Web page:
A little bit of history – a farm of 30 acres
When Ed’s Mum and Dad bought Low Rigg Farm in 1970 they didn’t really know how old the farm was, or how long people have lived and farmed on our windy hillside. In the first lockdown when the nights were long I decided to see what I could find out!
We expected that over the years the farm may have changed shape, lost or gained fields, or even changed completely when the road at the end of our lane was put in. What we were surprised to find was that it has barely changed in the last almost 200 years! The google map above I took a screenshot of today and the map to its left is the tithe map from around 1844 – the modern map fits into the old one almost perfectly. The extent of the farm has not changed either – the boundary of the farm owned by Christopher White in 1844 is the same as it is now. It seems it is, and always has been, a farm of 30 acres. Indeed in the subsequent census entries we can always locate our farm by looking at who is the farmer of 30 acres.
I also really love that the tithe map gives us the names that Christopher knew his fields by (top right). The field that has our spring in it now was called the Well Field and the field we’re hoping to turn into a wetland area because it’s so wet was known as the Bog Field! It seems very little has changed in that time. The farm buildings themselves also seem to have stayed the same shape in all that time, so it seems the farmstead that Christopher White lived in was probably very much like the one we live in now.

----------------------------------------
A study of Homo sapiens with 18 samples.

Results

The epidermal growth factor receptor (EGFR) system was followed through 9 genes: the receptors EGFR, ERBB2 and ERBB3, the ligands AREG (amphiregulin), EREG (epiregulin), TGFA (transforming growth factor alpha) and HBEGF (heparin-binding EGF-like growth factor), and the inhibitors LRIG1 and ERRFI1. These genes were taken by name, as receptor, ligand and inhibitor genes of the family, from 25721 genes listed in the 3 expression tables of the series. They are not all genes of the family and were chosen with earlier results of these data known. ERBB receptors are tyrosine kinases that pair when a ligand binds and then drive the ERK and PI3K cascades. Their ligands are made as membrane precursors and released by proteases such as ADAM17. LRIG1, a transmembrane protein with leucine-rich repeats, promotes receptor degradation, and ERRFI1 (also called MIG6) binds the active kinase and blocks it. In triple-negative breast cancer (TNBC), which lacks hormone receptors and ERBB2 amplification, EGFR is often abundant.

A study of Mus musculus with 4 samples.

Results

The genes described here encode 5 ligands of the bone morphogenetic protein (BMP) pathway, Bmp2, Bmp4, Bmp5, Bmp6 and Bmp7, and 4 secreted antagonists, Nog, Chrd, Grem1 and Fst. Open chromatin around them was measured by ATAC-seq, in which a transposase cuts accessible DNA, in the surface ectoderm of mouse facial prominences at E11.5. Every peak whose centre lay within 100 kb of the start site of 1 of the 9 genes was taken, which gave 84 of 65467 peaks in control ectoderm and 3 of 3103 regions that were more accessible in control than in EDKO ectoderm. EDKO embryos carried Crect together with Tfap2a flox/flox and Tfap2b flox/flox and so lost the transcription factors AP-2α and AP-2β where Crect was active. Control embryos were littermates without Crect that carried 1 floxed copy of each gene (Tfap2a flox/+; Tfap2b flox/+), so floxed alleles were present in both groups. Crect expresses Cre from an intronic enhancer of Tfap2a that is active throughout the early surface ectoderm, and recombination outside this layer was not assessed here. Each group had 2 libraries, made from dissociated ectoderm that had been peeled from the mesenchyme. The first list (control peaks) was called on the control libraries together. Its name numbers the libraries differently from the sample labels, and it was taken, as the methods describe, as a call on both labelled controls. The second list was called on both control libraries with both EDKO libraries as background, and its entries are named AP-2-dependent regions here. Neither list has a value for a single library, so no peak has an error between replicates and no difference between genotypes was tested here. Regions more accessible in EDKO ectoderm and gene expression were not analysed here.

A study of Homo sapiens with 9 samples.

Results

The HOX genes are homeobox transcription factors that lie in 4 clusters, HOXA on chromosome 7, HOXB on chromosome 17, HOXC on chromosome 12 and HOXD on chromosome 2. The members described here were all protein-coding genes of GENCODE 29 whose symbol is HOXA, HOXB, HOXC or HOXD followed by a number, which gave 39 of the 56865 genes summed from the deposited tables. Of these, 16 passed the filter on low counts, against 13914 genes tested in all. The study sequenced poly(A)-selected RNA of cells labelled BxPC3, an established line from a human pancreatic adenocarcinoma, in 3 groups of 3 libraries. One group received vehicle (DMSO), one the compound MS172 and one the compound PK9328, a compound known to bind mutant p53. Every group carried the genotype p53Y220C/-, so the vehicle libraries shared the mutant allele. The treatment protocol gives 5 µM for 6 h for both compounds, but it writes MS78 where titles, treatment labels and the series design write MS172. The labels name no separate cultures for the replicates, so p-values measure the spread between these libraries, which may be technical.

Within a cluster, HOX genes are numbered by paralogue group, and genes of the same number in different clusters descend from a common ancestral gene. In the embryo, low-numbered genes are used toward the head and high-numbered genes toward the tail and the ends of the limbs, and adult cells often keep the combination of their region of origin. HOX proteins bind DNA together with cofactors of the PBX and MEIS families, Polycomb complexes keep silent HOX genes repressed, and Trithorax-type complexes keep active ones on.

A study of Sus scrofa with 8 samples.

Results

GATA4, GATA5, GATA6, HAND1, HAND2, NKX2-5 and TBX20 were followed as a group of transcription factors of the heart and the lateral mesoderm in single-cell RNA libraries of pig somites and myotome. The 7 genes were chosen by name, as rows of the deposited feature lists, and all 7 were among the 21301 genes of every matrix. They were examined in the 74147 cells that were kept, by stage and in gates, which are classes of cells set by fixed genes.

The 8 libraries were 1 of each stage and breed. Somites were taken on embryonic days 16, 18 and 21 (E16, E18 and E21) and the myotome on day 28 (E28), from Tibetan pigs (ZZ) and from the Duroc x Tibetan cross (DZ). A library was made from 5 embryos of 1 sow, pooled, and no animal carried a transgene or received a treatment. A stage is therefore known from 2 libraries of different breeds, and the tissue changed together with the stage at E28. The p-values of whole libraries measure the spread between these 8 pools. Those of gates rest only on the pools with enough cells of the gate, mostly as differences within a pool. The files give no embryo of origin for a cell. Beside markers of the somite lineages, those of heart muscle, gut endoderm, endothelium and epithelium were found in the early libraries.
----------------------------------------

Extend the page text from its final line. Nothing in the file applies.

We know that Christopher inherited Low Rigg (then Long Rigg after the beck) from his father, another Christopher and he from his father William. The first entry I can find of the Whites at Long Rigg is in 1721 and the last is when Christopher’s daughter Ann dies here in 1887, a single woman and landowner in Victorian Whitby, she must have been quite something! We found a Victorian brooch in the Well Field and I do wonder if it belonged to Ann?
All of the Whites lived to a grand old age, with Christopher White senior dying here in 1815 at the age of 96, his son at 90 and Ann at 82 – quite something when you think how hard farming must have been in those days and the life expectancy in the 1700 and 1800’s. We have a theory that it’s the water from the spring that gave them such amazing longevity, I sincerely hope it’s still working it’s magic!